Four More Years? Obama and the Third Term that Will Never Be.
“To us there has come a time, in the midst of swift happenings, to pause for a moment and take stock—to recall what our place in history has been, and to rediscover what we are and what we may be. If we do not, we risk the real peril of inaction.” — Franklin Delano Roosevelt, during his third inaugural speech.
It was the 20th of January, 1941. British sailors aboard The Florian, a merchant ship bound for New York City, encountered a German U-Boat stalking prey in the Atlantic. All the Crown’s citizens, even humble merchants, were considered part of the war effort—and fair game for enemy submarines. A torpedo rocked the 3,000 ton Florian, which sunk and took all forty-one crewmen with her. And while countless servicemen and civilians perished across shrapnel-ridden Europe and Asia, a rebirth was taking place across the sea—as the presidency of Franklin Delano Roosevelt outlived the traditional two-terms a Commander-in-Chief was expected to serve.
It was politeness, in those days, that kept presidents from seeking more time in office. A sense of propriety established by honest George himself. But Roosevelt knew this was an election of extraordinary circumstances, and he trusted no one with the country’s stewardship more than himself. The American people agreed.
“During the spring of 1939,” he said, accepting his party’s nomination, “world events made it clear to all but the blind or the partisan that a great war in Europe had become not merely a possibility but a probability, and that such a war would of necessity deeply affect the future of this nation.”
“When, in 1936, I was chosen by the voters for a second time as President, it was my firm intention to turn over the responsibilities of Government to other hands at the end of my term. That conviction remained with me. Eight years in the Presidency, following a period of bleak depression, and covering one world crisis after another, would normally entitle any man to the relaxation that comes from honorable retirement.”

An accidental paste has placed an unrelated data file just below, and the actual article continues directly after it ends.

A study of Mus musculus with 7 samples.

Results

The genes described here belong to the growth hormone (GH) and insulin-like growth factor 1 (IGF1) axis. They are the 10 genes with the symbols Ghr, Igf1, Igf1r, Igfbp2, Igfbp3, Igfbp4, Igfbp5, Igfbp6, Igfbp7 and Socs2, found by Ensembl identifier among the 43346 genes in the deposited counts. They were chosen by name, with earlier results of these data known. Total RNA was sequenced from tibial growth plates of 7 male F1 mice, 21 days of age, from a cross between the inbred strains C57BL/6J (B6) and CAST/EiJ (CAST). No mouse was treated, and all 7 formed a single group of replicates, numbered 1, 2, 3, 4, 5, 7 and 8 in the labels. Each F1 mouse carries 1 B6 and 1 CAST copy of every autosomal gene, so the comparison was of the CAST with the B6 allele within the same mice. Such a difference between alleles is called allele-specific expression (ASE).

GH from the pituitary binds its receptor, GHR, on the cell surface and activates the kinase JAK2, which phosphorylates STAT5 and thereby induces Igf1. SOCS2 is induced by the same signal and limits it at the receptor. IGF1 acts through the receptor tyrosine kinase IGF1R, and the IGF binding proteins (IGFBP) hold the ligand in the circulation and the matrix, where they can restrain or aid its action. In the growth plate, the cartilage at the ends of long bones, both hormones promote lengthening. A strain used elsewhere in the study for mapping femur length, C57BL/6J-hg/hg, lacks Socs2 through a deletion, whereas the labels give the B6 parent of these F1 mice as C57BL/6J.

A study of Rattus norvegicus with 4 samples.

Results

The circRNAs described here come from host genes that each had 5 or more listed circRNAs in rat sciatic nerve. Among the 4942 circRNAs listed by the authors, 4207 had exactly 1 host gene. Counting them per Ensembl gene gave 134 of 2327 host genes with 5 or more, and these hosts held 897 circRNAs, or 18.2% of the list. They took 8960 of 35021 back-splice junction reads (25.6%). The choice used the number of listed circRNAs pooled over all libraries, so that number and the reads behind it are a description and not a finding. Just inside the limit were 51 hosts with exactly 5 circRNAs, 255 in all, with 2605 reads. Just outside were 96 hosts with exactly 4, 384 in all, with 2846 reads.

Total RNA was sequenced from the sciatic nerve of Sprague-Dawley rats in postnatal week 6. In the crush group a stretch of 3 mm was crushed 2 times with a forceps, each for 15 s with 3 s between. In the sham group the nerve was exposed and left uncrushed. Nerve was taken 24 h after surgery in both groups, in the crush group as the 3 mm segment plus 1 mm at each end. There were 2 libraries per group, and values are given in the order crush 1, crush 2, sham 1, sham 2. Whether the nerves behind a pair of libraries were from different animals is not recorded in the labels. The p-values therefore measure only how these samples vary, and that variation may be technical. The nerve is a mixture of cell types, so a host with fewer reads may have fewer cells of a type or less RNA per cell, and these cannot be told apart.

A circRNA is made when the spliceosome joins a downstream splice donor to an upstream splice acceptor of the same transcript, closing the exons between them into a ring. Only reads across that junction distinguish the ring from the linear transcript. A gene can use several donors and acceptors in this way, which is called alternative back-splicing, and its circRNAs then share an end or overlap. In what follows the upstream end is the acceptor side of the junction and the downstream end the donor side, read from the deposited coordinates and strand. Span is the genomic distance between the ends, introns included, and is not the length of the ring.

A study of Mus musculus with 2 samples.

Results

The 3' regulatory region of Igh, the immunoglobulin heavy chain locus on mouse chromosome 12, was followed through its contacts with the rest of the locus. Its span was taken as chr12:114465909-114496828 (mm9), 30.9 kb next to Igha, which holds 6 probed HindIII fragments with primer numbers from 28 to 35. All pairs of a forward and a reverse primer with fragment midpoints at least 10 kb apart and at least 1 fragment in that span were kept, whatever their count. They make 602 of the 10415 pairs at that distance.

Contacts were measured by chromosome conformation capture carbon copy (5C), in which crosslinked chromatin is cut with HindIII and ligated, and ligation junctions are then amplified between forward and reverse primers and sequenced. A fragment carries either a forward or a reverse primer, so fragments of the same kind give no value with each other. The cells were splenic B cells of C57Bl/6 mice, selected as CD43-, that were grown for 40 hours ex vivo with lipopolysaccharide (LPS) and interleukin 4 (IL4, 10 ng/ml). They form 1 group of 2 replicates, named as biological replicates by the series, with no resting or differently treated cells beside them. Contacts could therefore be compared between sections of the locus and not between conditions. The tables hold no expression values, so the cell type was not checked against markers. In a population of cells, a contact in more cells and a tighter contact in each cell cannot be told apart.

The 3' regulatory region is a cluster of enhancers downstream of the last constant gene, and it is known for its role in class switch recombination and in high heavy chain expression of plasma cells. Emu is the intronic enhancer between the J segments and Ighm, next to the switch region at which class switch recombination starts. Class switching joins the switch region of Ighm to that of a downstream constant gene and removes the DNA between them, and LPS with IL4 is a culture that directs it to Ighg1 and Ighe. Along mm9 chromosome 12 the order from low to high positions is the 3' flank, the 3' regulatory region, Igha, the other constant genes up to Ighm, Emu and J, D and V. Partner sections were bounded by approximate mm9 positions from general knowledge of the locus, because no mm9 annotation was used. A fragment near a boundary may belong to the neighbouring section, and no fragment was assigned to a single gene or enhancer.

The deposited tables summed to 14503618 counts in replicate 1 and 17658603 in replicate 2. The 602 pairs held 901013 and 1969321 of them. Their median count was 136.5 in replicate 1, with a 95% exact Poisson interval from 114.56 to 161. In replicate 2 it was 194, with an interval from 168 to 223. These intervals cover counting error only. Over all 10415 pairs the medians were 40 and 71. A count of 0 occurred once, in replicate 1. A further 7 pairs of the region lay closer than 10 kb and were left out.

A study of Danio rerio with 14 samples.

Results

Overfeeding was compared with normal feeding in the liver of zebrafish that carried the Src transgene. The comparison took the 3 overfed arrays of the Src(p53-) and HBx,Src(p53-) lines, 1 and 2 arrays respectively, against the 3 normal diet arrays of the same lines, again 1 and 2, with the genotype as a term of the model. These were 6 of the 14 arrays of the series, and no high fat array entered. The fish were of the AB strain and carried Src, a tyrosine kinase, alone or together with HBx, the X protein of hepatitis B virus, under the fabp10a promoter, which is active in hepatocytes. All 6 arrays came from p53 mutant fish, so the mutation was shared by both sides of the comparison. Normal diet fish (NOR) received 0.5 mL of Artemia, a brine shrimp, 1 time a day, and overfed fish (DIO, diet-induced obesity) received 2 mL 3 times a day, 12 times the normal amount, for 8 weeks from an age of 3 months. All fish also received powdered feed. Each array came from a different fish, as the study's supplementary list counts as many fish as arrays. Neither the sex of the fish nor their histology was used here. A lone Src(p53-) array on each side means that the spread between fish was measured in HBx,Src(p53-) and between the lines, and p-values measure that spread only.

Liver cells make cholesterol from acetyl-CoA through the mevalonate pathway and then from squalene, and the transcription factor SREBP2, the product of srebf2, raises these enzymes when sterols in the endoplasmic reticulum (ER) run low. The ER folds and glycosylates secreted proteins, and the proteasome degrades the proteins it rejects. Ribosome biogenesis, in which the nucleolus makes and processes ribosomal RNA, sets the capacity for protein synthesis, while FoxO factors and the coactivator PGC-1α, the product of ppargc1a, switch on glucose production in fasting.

Roosevelt was right, of course, to expect the world’s bout with fascism would escalate. His contemporary critics be damned; the American people loved him, as did they the entire Roosevelt family. This admiration earned him not just a third, but a fourth (if short-lived) term in office.
When Barack Hussein Obama took the oath sixty-eight years later, many on the Left feared (and on the Right dreamed) the fresh-faced progressive wouldn’t survive to see re-election. The JFK parallels were there. Both men were young, and popular with the young, and both men made history for their respective demographics (Kennedy was a Catholic, Obama is a black man). But it seems Obama’s true legacy is that of a would-be Franklin Roosevelt: the majority of Democrats, so pleased with his performance, want to see him take the oath for a third time.
And is this not an election of extraordinary circumstances? From the global rise of fringe-right populism to the stagnation of wages and deepening of poverty—the world could use a steady-hand for another four years. Given the choice, as the audacious Trey Parker resurrected, between a douche and turd, the country is ready for a None of the Above option to appear on the ballot.
They won’t get that option, thanks to the post-Roosevelt 22nd Amendment. But it is in the public imagination, the enamored minds of the populi, that President Obama enjoys third-term status.
The presidential parallels are apparent even in the negative aspects of both administrations. Like Obama, Roosevelt’s unwavering confidence and charisma served to hide the uglier aspects of his policy. And like Michelle, First Lady Eleanor was well-liked by those inclined to view the self-aware bourgeoisie favorably, and much-maligned by those inclined to judge literature before reading it. “[Franklin was] perfectly secure”, she recalls. “While I was perfectly insecure.”
The Obama Administration’s war on whistleblowers, and capitulation to cronies and quagmire-profiteers, are in some ways analogous to the blight on Roosevelt’s record—the autocratic concentration of Japanese Americans in internment camps.
What’s missing from President Obama’s record, and the parallel to FDR, is a sincere effort to relieve the burdens of the poor. The economic recovery has been significant but slow, and Obama’s love affair with free trade stands in stark contrast to Roosevelt’s worker-oriented economic policies. But these differences will fade from the public imagination after Obama leaves office—pesky historical details that American folk history obscures.
So too will the private lives of the Obamas prove less and less romantic—to the care and attention of few. Roosevelt’s affair with a young secretary crushed Eleanor, and their marriage became an entirely political partnership thereafter. Great leaders are remembered for their terms, not the private lives which quickly disprove their reputation as moral exemplars.
The great irony of the Hillary Clinton candidacy, which too often goes unmentioned, is that it aims to serve Obama’s third term for him. The public distaste for the former Secretary of State highlights the dichotomy between a popular president and the status-quo his Administration helped to bring about. It is Obama the man whom Democrats wish to reelect, but not necessarily his vision for America.